Sunday, June 24, 2007

How to Deal With Frustration

I just wrapped up a contract with a large corporate client. As is the case with almost all large organizations (even those attempting to transition to agile practices), there was no shortage of wasteful corporate policies and procedures.

Nothing frustrates lean-thinking people quite the way inefficient or wasteful processes do. We all want our expertise and abilities to be leveraged to create and deliver as much value as possible. When wasteful processes prevent this, we get mad. Not because we're inherently negative people, but because striving for greatness starts with refusing to be mediocre. We try to fix the broken process. If we don't immediately succeed, we bitch.

When you get three or four passionate lean-thinkers together, their frustration can feed off each other and become a real problem. But until recently, I didn't realize that. I might occasionally point out we were wasting time and should get back to work. That was about it.

Then I read My Start-Up Life by Ben Cosnocha. In a side bar about time management, Ben says:
"I believe time management is important to make each day rewarding and productive. But instead of focusing on how I can save a minute here, a minute there, I think about a different metric: energy."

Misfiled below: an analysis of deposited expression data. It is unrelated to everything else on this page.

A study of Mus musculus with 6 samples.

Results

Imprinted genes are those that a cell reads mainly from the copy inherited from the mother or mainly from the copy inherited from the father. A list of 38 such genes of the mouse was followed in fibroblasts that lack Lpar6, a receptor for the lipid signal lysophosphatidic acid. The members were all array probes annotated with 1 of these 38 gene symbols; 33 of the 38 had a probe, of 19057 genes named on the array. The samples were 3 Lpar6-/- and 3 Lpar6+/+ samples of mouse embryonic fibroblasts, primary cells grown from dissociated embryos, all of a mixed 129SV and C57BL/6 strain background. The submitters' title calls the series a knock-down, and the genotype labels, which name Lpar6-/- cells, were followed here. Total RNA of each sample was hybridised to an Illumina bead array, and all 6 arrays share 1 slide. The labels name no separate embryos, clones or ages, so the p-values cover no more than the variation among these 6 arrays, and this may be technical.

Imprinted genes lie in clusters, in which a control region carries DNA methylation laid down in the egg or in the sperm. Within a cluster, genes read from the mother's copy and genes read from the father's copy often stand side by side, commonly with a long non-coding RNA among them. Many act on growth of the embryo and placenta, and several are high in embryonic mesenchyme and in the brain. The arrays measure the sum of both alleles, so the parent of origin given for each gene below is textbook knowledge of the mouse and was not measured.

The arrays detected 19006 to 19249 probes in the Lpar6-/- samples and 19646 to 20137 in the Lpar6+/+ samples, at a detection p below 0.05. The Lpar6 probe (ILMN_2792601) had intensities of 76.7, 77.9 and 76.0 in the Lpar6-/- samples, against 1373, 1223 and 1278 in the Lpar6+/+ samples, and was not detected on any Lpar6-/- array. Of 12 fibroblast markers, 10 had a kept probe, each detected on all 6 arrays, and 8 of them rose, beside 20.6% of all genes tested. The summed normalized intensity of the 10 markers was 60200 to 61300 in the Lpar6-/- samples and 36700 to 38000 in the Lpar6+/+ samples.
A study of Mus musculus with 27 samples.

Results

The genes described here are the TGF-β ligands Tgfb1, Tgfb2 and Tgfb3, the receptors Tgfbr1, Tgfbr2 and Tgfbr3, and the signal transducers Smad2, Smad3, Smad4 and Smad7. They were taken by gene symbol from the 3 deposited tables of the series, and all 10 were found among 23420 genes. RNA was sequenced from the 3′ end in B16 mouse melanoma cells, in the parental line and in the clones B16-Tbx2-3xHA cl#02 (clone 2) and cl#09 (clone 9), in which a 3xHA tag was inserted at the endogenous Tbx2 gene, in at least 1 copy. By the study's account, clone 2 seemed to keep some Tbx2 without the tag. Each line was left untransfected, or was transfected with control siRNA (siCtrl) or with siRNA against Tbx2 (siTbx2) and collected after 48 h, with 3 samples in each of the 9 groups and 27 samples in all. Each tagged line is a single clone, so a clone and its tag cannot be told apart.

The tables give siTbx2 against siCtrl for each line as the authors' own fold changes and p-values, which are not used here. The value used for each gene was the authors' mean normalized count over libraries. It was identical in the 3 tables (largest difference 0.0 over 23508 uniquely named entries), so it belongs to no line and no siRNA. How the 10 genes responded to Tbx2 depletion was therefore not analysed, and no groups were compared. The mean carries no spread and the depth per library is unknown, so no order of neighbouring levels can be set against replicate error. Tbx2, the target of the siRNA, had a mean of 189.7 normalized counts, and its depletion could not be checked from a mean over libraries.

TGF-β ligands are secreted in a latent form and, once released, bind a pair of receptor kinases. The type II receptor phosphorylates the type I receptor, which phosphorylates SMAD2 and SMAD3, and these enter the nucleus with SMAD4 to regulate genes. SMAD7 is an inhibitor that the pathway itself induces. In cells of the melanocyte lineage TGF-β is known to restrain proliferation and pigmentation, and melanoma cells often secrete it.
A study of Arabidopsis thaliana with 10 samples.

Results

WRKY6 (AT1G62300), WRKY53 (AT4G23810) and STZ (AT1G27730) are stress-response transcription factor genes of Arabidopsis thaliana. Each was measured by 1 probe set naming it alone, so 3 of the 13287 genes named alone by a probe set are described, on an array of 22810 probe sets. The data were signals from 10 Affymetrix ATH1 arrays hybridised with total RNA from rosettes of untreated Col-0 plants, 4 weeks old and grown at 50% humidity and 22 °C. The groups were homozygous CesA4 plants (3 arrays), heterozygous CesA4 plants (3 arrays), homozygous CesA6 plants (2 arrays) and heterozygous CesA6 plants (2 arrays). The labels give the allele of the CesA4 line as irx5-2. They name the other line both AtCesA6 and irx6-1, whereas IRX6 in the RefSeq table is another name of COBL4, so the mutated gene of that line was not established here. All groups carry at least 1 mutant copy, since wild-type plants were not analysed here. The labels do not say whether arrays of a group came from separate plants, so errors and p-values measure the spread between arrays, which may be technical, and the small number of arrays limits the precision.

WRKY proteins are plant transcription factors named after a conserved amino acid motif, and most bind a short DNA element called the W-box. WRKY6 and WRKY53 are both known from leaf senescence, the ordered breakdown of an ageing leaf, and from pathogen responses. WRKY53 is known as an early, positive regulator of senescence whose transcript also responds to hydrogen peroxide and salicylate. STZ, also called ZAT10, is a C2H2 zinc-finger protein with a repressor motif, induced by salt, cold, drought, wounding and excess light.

He goes on to quote The Power of Full Engagement, by Jim Loehr and Tony Schwartz:

"Energy is the fundamental currency of high performance. Capacity is a function of one's ability to expend and recover energy. Every thought, feeling, and action has an energy consequence. Energy is the most important individual and organizational resource."

That distinction between time and energy rings true with me. When I'm energetic, I'm able to work smarter and think faster, and I can get a lot more done. Time is not the limiting factor of my productivity; energy is.

When we focus on our frustration with problems that are not immediately or easily solvable, there is a bigger issue at stake than wasted time: wasted energy. Energy is the leverage that allows us to make effective use of time. When we allow ourselves to become frustrated at our inability to prevent waste, we deplete our energy. Our frustration with waste is often more wasteful than the waste we're frustrated with in the first place.

I'm not saying you should just put up with all the wasteful policies you're asked to comply with. But avoid the bitch sessions. Be aware of how focusing on your frustration affects your energy level, and act accordingly.


J. B. Rainsberger said...

Ryan, if you haven't read "The Power of Full Engagement", I recommend it. I listened to the audiobook version and found it interesting and helpful. I haven't quite mastered the appropriate use of energy, but at least I'm aware of the nature of the problem.